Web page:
Facebook chief executive Mark Zuckerberg has told Fox News that the company should step away from regulating online speech.
Speaking on Thursday (local time), Mr Zuckerberg appeared at pains to distance his company from Twitter and its fight with US President Donald Trump, as the White House moved to scrap a law protecting social media companies.
Mr Zuckerberg’s comments come two years after he admitted, under political pressure, that Facebook must do more to prevent disinformation campaigns on its platform
Mr Trump, who accuses social media firms of bias against conservatives, without evidence, stepped up his attacks on Twitter after the company put a fact-checking label on two of his tweets about mail-in ballots on Tuesday for the first time.
“We have a different policy I think than Twitter on this,” Mr Zuckerberg told Fox News.
“I just believe strongly that Facebook shouldn’t be the arbiter of truth of everything that people say online.
“Private companies probably shouldn’t be, especially these platform companies, shouldn’t be in the position of doing that.”
Both sites take down content that violates their terms of service, but Facebook’s approach, he said, has “distinguished us from some of the other tech companies in terms of being stronger on free expression and giving people a voice”.
While Facebook does apply labels to misleading posts, it exempts from review posts by politicians, a decision that some lawmakers and presumptive Democratic presidential candidate Joe Biden say helps lies to flourish online.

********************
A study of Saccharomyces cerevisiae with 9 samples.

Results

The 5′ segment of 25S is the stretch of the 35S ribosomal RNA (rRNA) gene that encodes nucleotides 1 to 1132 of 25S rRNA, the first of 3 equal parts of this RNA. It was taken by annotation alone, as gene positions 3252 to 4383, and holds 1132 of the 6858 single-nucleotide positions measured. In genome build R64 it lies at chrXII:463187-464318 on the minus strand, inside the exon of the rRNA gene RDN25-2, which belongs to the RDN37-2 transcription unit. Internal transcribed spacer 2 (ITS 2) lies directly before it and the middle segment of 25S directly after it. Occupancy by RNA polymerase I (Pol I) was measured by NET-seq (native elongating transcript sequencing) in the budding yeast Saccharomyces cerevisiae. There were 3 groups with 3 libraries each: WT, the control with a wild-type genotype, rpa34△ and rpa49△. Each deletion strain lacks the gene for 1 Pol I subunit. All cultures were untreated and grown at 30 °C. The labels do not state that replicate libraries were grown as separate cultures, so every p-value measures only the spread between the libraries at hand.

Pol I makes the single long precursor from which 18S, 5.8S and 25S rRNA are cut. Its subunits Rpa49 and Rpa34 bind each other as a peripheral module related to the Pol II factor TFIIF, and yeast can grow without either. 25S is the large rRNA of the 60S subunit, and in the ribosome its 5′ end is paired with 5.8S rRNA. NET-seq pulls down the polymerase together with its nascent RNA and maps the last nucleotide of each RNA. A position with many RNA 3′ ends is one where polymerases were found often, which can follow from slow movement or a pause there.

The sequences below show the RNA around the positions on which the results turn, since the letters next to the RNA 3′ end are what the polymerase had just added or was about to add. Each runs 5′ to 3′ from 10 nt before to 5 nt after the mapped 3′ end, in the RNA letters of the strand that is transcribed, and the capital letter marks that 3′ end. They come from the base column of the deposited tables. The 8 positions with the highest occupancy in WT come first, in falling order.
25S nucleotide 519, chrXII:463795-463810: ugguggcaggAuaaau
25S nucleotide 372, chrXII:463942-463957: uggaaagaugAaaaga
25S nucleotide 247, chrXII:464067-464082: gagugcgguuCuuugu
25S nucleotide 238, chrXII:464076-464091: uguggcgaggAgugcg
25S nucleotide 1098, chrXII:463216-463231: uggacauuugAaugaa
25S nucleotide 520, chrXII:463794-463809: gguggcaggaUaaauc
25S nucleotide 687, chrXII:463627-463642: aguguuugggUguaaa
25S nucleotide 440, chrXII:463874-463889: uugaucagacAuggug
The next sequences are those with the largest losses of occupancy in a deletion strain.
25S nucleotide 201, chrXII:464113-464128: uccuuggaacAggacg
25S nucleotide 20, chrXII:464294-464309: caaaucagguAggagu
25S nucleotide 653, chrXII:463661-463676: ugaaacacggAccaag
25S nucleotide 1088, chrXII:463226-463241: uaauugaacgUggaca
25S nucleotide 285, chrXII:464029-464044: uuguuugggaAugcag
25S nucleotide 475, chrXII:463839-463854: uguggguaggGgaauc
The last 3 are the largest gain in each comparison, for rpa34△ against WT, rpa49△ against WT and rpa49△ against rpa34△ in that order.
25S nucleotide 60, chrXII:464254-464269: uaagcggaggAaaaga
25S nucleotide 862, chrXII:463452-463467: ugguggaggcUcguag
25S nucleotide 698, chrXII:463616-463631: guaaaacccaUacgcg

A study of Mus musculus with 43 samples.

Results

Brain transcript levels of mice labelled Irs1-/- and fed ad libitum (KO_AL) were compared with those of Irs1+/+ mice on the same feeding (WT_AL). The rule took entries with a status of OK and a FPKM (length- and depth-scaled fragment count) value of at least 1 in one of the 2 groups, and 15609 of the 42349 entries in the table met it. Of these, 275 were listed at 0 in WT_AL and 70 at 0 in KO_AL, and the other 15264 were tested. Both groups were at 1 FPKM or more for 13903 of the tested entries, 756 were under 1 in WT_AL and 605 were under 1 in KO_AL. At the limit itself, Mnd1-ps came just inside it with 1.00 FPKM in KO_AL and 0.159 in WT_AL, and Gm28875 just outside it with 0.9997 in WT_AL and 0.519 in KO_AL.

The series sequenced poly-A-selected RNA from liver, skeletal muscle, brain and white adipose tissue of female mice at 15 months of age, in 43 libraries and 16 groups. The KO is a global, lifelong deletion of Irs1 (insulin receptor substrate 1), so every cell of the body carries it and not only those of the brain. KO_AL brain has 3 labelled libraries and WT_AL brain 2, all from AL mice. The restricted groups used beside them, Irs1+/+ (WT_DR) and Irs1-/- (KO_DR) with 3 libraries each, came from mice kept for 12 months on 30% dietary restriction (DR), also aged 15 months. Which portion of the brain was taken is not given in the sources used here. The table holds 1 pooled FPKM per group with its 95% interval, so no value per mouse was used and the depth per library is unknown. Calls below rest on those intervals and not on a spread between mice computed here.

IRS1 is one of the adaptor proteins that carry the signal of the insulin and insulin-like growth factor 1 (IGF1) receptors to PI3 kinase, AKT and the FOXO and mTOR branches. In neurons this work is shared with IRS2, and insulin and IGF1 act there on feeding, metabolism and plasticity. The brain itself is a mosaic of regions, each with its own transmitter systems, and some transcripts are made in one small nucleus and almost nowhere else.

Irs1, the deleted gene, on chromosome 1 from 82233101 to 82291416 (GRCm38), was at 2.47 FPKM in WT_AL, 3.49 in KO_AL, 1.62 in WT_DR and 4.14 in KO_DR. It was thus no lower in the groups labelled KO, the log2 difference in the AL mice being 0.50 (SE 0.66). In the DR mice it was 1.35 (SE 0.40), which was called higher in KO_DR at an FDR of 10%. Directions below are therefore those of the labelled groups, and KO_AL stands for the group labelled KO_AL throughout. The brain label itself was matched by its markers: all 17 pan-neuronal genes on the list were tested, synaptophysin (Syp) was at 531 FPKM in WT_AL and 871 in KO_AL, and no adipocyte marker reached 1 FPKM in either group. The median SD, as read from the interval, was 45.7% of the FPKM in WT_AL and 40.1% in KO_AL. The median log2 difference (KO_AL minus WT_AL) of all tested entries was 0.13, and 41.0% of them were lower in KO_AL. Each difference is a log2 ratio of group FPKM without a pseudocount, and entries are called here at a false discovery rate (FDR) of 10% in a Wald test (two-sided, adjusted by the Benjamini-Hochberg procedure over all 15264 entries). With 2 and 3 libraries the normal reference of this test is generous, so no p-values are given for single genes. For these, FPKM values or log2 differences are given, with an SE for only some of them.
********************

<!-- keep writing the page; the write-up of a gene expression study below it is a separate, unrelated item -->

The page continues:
Unlike Twitter, Facebook outsources its fact checking to media partners and says it takes no stance itself.
Two Australian satirical websites, The Shovel and The Chaser, lampooned Mr Zuckerberg’s statement by sharing parody stories with headlines filled with false claims about the Facebook CEO.
The Shovel’s headline incorrectly said the Facebook CEO had died, while The Chaser’s headline falsely called Mr Zuckerberg a “child molester.”
Faceboook’s split with Twitter comes despite Mr Zuckerberg’s more aggressive posture against misinformation in recent months, including pledges to wipe from Facebook’s apps any misleading posts about the novel coronavirus which could cause physical harm.
Facebook took down a coronavirus-related post from Brazilian President Jair Bolsonaro in March. It also explicitly bans content that misrepresents methods for voting or voter registration “regardless of who it’s coming from”.
Mr Zuckerberg said Mr Trump’s comments on Tuesday did not hit Facebook’s bar to be considered in violation of its voter suppression rules.
Mr Trump had posted unsubstantiated claims on both Twitter and Facebook saying the governor of California was sending mail-in ballots to anyone living in the state, “no matter who they are or how they got there”, although ballots are only sent to registered voters.
Twitter chief executive Jack Dorsey said Mr Trump’s claims “may mislead people into thinking they don’t need to register to get a ballot” and hit back at the White House for pinning the decision on a mid-level Twitter staffer.
Fact check: there is someone ultimately accountable for our actions as a company, and that’s me. Please leave our employees out of this. We’ll continue to point out incorrect or disputed information about elections globally. And we will admit to and own any mistakes we make.
— jack (@jack) May 28, 2020
A Twitter spokeswoman said that senior executives, including Mr Dorsey, had approved the decision to label Mr Trump’s tweets.